School tour day dawned bright and very early, well earlier than most for me as I was on cow milking duty. Our first port of call was the Mahon Farmers Market where we all gave in our tickets to our chosen stall to have our “breakfast”. Steak sandwich at 10 in the morning? Yes please!
Then back on the bus (I got a lift in a car which was great, and more comfortable!) down to Durrus. I always forget how much I love West Cork, and seeing the first lambs in the field really brought a sense of Spring to the day. Everyone was quite giddy at the day at itinerary ahead, and even the long journey didn’t dampen spirits.
As we were in the car, we got to Durrus ahead of the bus, and started up the hill to the cheese makers premises. Narrow twisty lanes didn’t bode well for the 60 seater bus.
The view from the “factory” is incredible.
The awards on display outside, there are many more inside!
We got a private tour while waiting for those on the buses. Eventually the little bus ran students up and down as the bigger bus stayed in Durrus. It was great to see the bigger version of what we learnt with Clancy back in the dairy.
The smaller groups suited the visit in the end as we all got to see everything, and the day was so beautiful no-one minded waiting for the bus. We got to taste the produce too, always a plus!
Our next stop was back down the road to Durrus and the Good Things Cafe run by the eminently capable Carmel Somers. Although shut at the moment (Durrus is incredibly seasonal), we moved the “picnic” from the bus into the cafe, and nibbled on our white radishes and pate while Carmel spoke about her journey to this point in time with her cafe, and previous experience. It was a warts and all journey, and clearly her passion for flavour and excellence have been some of her drivers.
John McKenna also dropped in. I have met John a number of times in The Tannery, but spent quite some time with him while doing the Food Writing Module in UCC last year, and he is someone with whom you could talk all day about food trends and fads, and the disgraces of modern living. It also helps that he loves one of my favourite restaurants Harry’s, Donal is a visionary that many could model themselves on, as he just knows exactly what he’s doing. John spoke lovingly about the new Harry’s Shack, and made me want to jump straight in a car and drive to Port Stewart!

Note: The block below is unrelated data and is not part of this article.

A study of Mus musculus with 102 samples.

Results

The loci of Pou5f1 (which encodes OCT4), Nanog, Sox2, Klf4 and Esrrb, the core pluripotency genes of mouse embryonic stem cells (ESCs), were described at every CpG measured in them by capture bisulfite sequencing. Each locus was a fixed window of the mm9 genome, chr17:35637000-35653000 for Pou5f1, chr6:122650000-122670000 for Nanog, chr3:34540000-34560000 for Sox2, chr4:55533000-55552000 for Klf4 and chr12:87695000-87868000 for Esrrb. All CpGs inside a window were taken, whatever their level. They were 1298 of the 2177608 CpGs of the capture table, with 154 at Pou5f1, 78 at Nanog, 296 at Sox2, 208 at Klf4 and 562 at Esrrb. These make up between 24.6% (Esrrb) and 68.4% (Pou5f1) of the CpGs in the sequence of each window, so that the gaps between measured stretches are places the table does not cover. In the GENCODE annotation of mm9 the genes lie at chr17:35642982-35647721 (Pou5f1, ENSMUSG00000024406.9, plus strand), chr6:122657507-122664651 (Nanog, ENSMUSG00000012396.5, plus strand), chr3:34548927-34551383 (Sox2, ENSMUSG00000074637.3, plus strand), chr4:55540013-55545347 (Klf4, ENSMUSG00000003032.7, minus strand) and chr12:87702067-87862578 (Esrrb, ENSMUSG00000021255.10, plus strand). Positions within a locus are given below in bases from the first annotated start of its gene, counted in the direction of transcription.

Reluctantly we got back on the bus and headed for Urru in Bandon.
Ruth Healy is a past student, and set up her modern day green grocer in Co Cork. Ruth talks at a rate of knots about her passion, food. Urru (Urban- Rural) was established by Ruth in 2003, and she has been an ambassador for producers ever since. Making the decision early on, that as a sales person, she wanted to spend her time interacting with her clients, there is no kitchen as such in the shop. The deli counter is spacious and inviting, as she explained herself she seeks out the best soup producers, bread producers while maintaining a coffee counter and the kitchen and book shop. There were over 60 of us in the shop, but it did not seem too crowded and we all had a look round.
Anthony Creswell from Ummera Smokehouse also called in to tell us about his produce while we were in Urru. Not only do they smoke fish, but also chicken, duck and bacon. He went through some of the challenges of having an artisan food business in Ireland.
With that we had to swap buses as those heading to the Riedel tasting that night in the Grainstore, Ballymaloe, went on the small bus to get back in time. Already it had been a long day, but we were all still in good spirits. Traffic was not too bad, and soon we were back in Shanagarry.
John Hinckley from Riedel Glass presented the glass comparison tasting evening, and I have to admit, I was very sceptical about whether I would truly be able to “taste” the difference. But it was a real eye opener. I won’t spoil it for anyone, as really this is an event that has to be experienced to be understood, and enjoyed.
What I will tell you is that White Burgundy is my new favourite type of wine.